Physical therapy is beneficial for many different things. For example, athletes often reach out to sports injury physical therapy when they are recov
Physical therapy is beneficial for many different things. For example, athletes often reach out to sports injury physical therapy when they are recovering or want to improve their athletic skills. Another thing that therapy helps with is lymphedema. This condition can be extremely painful and debilitating, and physical therapy has a variety of ways to manage the symptoms. If you have lymphedema, it is worth finding a physical therapist in your area.
Excellent Treatment for Lymphedema
Because much of physical therapy is hands-on, there are many ways that it can help with lymphedema.
Information About Lymphedema
Lymphedema occurs when there is a buildup of fluid in the lymphatic system. The lymphatic system is important for immunity and ridding the body of cellular waste. Lymph is the fluid that flows through the system, and it is made up of extra fluid from tissues and cells. When there is blockage of its normal drainage flow, this accumulated fluid and associated symptoms is called lymphedema.
Lymphedema most commonly occurs in the arms, legs, and extremities. Signs include swelling, discolored skin, and reduced range of motion. It can be mild or severe, and those who suffer from severe lymphedema may have pain and serious skin infections, and they most likely are unable to move the affected limb.
Causes of Lymphedema
Lymphedema is seen mostly in cancer patients. Sometimes a cancerous tumor grows near a lymph vessel, which results in a restriction of lymphatic flow. If cancer patients get radiation, this may result in inflammation of the lymphatic vessels, which also interferes with drainage. Sometimes the lymph nodes of cancer patients are removed, and this may lead to lymphedema. In developing countries, lymphedema may be caused by worm infections that block the nodes.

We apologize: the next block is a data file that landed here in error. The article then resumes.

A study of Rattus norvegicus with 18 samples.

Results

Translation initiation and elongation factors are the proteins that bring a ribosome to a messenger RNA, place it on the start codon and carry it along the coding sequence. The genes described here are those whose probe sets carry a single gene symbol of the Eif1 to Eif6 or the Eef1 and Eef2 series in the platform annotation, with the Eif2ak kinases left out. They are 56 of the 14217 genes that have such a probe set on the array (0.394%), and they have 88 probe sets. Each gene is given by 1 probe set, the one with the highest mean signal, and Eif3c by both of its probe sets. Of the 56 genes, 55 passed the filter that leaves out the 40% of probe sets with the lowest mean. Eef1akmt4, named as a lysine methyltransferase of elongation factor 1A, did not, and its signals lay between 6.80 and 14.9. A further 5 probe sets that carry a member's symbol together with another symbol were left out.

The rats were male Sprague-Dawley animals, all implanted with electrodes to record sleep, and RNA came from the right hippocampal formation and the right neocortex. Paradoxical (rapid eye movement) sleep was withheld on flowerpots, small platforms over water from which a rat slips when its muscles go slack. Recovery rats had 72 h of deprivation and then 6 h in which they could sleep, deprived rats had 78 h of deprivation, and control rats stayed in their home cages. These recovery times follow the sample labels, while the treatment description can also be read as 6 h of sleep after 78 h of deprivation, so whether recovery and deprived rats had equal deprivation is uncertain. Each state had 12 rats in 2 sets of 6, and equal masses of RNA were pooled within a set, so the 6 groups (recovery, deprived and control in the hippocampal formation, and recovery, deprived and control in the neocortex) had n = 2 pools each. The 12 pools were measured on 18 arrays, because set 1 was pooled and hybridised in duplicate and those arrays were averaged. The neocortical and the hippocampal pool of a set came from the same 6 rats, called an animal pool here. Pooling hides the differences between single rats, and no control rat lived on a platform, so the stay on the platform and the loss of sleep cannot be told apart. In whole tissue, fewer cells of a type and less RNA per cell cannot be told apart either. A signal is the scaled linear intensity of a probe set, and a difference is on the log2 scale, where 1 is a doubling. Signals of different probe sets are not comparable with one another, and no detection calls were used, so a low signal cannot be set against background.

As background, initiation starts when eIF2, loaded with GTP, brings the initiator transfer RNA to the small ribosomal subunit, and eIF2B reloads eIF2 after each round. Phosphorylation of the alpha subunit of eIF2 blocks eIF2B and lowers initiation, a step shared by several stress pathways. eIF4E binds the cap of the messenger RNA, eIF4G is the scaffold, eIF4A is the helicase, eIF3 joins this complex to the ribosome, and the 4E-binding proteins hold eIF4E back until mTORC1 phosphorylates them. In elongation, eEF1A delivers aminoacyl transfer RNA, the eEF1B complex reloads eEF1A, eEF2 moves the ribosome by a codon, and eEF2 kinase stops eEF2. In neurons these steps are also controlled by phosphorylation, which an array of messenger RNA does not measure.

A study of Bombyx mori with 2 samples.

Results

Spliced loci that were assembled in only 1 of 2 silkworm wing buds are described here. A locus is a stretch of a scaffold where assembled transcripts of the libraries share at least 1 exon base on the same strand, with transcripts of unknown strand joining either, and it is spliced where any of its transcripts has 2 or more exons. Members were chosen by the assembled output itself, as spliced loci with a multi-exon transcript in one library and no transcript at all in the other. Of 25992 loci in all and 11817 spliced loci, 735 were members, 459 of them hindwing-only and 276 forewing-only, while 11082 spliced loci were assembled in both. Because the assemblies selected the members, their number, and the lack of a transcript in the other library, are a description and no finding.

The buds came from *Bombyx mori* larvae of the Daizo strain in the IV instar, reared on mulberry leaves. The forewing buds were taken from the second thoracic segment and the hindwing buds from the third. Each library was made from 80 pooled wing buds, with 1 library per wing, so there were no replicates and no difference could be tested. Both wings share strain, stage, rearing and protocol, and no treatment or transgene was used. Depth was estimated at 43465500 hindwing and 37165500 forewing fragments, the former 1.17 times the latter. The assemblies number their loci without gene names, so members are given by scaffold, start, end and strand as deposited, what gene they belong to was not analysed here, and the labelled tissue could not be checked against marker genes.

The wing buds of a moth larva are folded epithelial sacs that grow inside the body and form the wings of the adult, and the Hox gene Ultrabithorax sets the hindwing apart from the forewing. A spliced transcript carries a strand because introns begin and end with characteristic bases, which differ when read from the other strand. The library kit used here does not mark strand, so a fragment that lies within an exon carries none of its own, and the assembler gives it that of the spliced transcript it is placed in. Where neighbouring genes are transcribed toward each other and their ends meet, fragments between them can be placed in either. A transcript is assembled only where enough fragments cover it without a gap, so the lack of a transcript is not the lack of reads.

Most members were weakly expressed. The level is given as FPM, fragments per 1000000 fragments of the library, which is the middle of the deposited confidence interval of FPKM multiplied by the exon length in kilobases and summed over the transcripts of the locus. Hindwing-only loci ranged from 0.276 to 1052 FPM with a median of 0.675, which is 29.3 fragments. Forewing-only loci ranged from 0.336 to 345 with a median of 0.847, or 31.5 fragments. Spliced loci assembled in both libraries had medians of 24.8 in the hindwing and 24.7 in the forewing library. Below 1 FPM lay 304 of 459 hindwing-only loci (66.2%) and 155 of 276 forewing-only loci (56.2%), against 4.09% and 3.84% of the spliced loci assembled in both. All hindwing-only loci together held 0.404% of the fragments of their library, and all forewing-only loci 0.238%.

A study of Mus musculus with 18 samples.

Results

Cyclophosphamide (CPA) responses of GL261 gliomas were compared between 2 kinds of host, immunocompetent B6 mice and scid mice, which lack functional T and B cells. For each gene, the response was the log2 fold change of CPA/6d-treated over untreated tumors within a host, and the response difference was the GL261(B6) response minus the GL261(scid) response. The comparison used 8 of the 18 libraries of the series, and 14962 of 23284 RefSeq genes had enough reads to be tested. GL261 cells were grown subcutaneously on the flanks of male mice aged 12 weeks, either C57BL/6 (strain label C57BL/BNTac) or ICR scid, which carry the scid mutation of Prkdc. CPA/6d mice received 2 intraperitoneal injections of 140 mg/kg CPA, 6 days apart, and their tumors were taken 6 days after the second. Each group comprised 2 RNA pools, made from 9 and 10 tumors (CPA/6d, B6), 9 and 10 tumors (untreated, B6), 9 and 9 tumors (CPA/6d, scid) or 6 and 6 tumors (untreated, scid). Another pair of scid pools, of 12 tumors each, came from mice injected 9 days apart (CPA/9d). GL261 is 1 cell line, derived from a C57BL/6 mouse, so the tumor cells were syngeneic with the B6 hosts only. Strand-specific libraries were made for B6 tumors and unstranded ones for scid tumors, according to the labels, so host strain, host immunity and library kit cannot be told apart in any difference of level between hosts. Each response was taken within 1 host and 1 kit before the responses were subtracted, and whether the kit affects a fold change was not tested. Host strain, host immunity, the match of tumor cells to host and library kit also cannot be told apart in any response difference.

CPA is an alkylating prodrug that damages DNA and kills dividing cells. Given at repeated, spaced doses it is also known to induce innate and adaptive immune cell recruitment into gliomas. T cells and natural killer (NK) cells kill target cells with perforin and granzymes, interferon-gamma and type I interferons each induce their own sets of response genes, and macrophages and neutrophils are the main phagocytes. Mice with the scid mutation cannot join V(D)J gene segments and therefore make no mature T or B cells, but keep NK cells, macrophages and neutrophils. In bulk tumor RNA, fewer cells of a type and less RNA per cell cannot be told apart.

How Physical Therapists Help with Lymphedema
Physical therapy in Cary, NC can help with lymphedema in various ways. The physical therapist may use gentle manual therapy, in the form of a lymph drainage massage, to help move the lymph along, which helps to reduce swelling and pain.
Other ways the PT may help drain the lymph are using compression garments or bandages or hooking the patient up to a sequential pneumatic compression machine. Light, easy exercises help, as the contraction of the muscles keep fluid moving. The goals of physical therapy for lymphedema include reducing swelling, decreasing pain, improving movement, restoring function, and regaining strength.
How To Find Your Physical Therapist
If you have lymphedema, it pays to be picky when searching for physical therapy near me. Not every therapist has experience working with lymphedema clients, so make sure you ask for one that does. When you first see the PT, she or he will assess your situation and ask about symptoms and if anything makes them worse or better.
The therapist will then recommend a treatment plan that is customized specifically for you. You will probably need to see your PT for multiple sessions for the most effective results. Along with using multiple modalities to reduce the swelling, your therapist may also recommend things you can do at home to help.